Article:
Mule skinner Stephen Clinch and 8-year-old Cindy Lou made
their rounds at the durst-taylor historic house powering an 1880's sugar cane
"I'll lead her, it's
easier to lead her than to drive her from behind I'll just lead her around a
circle and she'll be sweating a little bit when we get done I imagine," said
This is the 5th year for the Old Fashioned Sweet Tooth
Sugarcane Festival , Clinch says using the press the cane will be pressed and
boiled down to make ribbon cane syrup.
"This beam turns
gears that turn the drums and the cane goes between the drums and there is very
little clearance in there and it squeezes the juice out of it," said Festival.
The entire process takes about four to five hours, once all
the juice has been collected it's boiled until there is no water left then it's
made into syrup.
"There's so many people here in Nacogdoches that have never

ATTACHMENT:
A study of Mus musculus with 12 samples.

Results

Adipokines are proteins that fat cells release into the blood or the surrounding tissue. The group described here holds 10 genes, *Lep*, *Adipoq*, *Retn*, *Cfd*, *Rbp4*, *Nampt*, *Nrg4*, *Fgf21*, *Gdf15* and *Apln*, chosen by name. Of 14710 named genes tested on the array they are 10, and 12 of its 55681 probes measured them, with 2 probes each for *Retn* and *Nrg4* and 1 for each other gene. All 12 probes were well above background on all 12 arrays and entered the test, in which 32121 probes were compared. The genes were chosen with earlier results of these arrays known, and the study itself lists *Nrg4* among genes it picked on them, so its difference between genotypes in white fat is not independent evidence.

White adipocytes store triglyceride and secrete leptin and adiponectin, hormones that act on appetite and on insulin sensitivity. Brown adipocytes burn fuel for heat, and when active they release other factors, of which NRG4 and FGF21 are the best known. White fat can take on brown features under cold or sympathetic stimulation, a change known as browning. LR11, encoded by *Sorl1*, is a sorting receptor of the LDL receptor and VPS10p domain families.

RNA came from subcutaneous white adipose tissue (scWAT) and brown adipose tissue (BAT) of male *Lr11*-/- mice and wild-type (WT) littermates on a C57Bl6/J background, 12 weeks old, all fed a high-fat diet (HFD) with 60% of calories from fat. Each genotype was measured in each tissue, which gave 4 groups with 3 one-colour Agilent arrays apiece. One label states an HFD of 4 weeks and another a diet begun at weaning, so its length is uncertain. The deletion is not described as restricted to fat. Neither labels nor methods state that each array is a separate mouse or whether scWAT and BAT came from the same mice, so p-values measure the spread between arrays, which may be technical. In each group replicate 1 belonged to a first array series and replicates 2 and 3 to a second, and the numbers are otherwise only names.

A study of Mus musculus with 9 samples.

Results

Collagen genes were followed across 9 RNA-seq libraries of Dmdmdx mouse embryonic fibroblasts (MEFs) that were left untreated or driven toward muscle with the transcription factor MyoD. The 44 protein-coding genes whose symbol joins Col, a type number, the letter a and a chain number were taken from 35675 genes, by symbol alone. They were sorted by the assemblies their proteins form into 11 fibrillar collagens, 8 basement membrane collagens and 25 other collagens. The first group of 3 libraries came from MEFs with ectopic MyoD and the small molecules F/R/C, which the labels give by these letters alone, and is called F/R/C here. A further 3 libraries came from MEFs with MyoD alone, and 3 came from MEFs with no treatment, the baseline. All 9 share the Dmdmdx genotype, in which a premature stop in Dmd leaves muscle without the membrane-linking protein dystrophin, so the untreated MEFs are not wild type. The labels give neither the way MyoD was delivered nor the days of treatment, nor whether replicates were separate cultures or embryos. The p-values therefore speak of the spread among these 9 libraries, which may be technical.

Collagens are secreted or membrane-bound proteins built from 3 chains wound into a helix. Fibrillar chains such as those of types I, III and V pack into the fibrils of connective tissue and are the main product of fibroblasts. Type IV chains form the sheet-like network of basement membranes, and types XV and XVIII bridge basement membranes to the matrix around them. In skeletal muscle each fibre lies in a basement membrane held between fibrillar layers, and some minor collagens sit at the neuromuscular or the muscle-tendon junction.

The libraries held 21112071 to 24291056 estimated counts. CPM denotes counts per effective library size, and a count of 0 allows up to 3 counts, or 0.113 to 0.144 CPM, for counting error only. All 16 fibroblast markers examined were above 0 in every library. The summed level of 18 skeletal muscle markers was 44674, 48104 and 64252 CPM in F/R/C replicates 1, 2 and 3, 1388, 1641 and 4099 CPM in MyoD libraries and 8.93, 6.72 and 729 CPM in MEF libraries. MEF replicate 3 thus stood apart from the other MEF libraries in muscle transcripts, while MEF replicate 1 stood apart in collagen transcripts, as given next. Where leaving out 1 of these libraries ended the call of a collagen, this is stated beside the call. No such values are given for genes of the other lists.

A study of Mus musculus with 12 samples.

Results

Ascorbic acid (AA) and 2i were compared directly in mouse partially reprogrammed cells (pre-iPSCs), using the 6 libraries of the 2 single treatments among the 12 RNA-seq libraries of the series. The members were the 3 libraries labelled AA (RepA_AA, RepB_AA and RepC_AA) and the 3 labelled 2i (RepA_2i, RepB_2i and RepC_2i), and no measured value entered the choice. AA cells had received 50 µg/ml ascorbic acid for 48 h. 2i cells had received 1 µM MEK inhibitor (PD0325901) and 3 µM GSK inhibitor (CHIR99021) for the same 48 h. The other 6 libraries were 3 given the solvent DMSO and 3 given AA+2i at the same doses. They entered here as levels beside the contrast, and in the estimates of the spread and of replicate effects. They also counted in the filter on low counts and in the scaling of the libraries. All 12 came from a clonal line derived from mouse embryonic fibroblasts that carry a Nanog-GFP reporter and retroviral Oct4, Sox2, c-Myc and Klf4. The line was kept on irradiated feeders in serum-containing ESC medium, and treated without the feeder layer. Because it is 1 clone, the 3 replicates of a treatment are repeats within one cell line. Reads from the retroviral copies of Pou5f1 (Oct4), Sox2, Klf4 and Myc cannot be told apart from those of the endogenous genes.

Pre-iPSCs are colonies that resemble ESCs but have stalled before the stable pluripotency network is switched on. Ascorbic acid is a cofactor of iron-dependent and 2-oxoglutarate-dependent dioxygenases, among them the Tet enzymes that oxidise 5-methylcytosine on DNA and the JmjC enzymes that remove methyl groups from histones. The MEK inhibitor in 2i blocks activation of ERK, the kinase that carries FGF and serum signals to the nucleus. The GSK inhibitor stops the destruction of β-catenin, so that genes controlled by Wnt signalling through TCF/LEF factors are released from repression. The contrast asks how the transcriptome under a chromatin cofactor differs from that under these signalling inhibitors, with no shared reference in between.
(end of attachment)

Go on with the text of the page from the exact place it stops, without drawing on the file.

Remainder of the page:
seen this done, especially the younger generation, it was very common in our
grandparents day but as the kids get younger and this isn't really happening
anymore so its great to show the old farming techniques," said Jessica Sowell,
Assistant Historic Sites Manager.
As visitors waited for the sweet treat, they enjoyed a
journey back in time filled with music, a blacksmith and arts and crafts.
Volunteer Chandler McDonald says events like this teach
everyone the importance of recognizing the past.
"Just know how it
used to be done, now we go to the grocery store to get syrup before that it
would have been a lot more difficult," said McDonald.
The Nacogdoches Kiwanis Club was also on site making
fresh pancakes to enjoy with the fresh cane syrup.